Hi! Thanks for writing! I want to make sure I understand your question so that I answer it correctly. I think you are asking if it makes more financial sense to overdraft your debit/checking account or to use a credit card when you are short of money. If I’ve missed the boat on what you are asking, please forgive and do write back again!
I’m assuming that you’ve set up some kind of overdraft protection on your debit/checking account at your bank and you also have a credit card. Most banks charge a fee for using overdraft protection, plus you need to have your own money sitting in another account for your checking account to pull from when you overdraft it. A credit card might charge anywhere from 12% to even 28% interest on balances carried.
So say you are short of cash for something you need to buy or pay for. In our scenario, you realize you’re almost out of gas and have no cash with you. Your debit/checking account balance is at zero. You’ve got overdraft protection and you’ve got a credit card. Which is better to use?
First, the very best thing, if you have access to your bank on your phone and have money in your savings account, is to do a transfer of cash from savings to debit/checking account and then use your debit card for the cash. That’s free. You can also call your bank and have them do it over the phone if you don’t have the account set up. Transfers from one account to another for the same person at the same bank are instant. If you have money at another bank or institution, you can also transfer that over, but that will take at least a day and probably more, so it won’t solve your immediate problem.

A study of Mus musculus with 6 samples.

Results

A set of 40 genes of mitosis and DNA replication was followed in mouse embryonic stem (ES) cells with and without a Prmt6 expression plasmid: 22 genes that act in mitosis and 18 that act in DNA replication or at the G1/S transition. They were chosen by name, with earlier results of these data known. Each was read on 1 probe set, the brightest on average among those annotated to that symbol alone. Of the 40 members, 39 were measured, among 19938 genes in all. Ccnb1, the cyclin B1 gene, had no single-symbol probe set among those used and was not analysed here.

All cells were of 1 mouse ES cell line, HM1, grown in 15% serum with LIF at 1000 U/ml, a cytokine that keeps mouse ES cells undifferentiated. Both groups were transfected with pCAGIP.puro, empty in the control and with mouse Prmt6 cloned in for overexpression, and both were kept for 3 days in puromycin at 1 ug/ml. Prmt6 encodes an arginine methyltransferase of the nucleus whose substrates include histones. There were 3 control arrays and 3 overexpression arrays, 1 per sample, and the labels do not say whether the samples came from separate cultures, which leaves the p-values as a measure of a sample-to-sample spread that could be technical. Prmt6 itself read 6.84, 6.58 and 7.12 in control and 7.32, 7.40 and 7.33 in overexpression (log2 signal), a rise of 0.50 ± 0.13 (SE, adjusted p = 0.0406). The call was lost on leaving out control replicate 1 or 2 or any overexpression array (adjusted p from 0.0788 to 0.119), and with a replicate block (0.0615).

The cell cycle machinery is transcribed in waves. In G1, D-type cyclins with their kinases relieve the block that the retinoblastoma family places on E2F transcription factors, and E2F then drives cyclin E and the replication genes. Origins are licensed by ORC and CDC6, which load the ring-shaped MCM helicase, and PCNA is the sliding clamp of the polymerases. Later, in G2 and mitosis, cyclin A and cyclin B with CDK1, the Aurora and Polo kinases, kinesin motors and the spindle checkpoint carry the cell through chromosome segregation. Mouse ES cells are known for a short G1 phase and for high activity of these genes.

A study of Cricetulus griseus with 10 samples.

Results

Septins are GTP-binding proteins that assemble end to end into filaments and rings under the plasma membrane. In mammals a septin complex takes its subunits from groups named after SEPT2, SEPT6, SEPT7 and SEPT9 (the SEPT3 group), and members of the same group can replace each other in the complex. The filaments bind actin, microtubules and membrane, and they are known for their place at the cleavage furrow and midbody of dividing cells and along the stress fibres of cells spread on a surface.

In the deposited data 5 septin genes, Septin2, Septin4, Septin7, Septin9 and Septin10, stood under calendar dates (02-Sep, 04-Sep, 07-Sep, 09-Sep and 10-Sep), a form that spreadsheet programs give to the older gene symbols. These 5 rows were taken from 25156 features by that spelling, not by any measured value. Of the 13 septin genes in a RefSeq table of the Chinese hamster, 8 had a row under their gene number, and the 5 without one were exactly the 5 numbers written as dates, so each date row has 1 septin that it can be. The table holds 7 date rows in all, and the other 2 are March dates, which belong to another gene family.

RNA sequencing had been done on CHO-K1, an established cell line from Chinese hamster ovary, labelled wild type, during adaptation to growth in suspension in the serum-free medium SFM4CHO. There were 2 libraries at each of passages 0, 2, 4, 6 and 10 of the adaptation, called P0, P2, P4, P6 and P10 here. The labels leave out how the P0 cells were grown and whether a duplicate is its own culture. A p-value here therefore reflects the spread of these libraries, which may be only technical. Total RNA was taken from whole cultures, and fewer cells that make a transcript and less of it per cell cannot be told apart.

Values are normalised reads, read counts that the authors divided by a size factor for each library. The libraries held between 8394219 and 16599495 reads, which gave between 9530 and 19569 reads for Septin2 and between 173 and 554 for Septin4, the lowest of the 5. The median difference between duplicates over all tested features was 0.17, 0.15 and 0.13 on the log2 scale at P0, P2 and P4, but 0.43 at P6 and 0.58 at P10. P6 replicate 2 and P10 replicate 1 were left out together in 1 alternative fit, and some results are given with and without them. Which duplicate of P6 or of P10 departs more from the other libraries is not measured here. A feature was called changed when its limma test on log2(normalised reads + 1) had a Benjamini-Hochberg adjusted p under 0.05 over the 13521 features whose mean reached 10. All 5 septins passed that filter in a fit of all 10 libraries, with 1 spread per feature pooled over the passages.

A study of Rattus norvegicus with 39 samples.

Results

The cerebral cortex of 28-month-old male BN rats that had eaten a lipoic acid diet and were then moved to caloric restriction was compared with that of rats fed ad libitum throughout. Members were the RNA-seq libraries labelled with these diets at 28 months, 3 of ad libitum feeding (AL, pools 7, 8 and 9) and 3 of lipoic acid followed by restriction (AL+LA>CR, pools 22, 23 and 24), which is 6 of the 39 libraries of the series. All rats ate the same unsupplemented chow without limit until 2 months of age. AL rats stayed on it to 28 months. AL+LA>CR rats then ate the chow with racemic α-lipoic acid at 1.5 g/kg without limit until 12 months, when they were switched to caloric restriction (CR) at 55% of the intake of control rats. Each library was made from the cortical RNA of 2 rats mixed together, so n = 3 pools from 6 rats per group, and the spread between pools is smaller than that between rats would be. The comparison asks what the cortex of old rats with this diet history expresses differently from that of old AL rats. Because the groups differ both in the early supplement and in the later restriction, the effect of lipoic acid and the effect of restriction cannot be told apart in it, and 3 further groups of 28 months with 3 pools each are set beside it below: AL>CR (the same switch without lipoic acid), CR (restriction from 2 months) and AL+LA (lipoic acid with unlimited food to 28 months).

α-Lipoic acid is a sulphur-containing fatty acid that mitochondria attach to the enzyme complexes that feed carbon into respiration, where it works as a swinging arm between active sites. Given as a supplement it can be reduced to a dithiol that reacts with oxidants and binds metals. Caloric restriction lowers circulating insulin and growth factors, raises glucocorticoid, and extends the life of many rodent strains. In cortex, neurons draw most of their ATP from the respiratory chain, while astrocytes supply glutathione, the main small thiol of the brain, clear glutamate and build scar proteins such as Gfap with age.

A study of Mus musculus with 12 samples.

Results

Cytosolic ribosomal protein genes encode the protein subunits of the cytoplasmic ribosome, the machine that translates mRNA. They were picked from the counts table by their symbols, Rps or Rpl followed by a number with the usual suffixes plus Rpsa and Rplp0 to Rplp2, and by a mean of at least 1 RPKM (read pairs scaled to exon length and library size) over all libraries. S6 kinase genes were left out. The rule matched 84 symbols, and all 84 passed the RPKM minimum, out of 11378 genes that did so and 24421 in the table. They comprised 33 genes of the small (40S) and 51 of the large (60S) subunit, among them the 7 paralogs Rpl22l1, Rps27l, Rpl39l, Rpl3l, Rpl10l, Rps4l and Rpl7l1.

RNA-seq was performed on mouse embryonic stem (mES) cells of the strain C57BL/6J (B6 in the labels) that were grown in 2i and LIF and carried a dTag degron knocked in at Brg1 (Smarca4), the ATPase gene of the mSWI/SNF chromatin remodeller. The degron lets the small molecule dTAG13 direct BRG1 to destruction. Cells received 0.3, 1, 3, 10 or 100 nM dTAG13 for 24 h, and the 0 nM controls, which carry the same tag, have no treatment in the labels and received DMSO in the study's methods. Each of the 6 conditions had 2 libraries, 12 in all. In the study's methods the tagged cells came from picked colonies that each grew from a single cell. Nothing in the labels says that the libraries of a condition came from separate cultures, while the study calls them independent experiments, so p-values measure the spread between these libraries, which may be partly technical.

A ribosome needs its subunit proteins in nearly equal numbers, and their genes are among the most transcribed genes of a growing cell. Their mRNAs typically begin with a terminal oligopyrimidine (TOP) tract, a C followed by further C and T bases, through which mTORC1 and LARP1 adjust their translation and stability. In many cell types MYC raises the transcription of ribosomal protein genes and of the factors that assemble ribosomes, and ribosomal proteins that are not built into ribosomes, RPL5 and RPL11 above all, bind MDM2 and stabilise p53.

However, I’m assuming that you probably don’t have money in the savings account at the moment either. In that case, which is better, overdraft or credit?
If you have the kind of overdraft protection that lets you deposit money that same day and thus avoid the overdraft fee, then you are probably better off using the debit card and hurrying to your bank to deposit cash to avoid a fee. However, it may be that you don’t have any cash to deposit, in which case you will end up being charged a fee. Overdraft protection fees are usually about $35 per incident. So for $40 worth of gas, you’d have to actually pay $40 + $35 or $75, which would be a waste of money.
What about buying the gas with your credit card? If you use your credit card and pay it off when due, you incurred no fees or costs, so that would be great. That’s a simple solution that will cost you no extra. But if you use the credit card and don’t pay off right away, you’ll incur interest charges for as long as it isn’t paid off. At credit card interest rates that can cost a lot over time.
So the answer, is really “It depends.” I wish there were a more concise “right” answer, but in this case, there isn’t.
One additional thing to consider is that using overdraft protection often, although it won’t likely damage your credit score, can negatively affect your record in ChexSystems, the service that banks access to check up on you when you want to open a bank account. So if you find yourself often running into cash flow problems, you are probably better off using your credit card and then hopefully paying off the credit card in full each month or at a minimum be sure to make the monthly minimum payment.
I hope this answer helps! Best wishes to you and thanks for writing!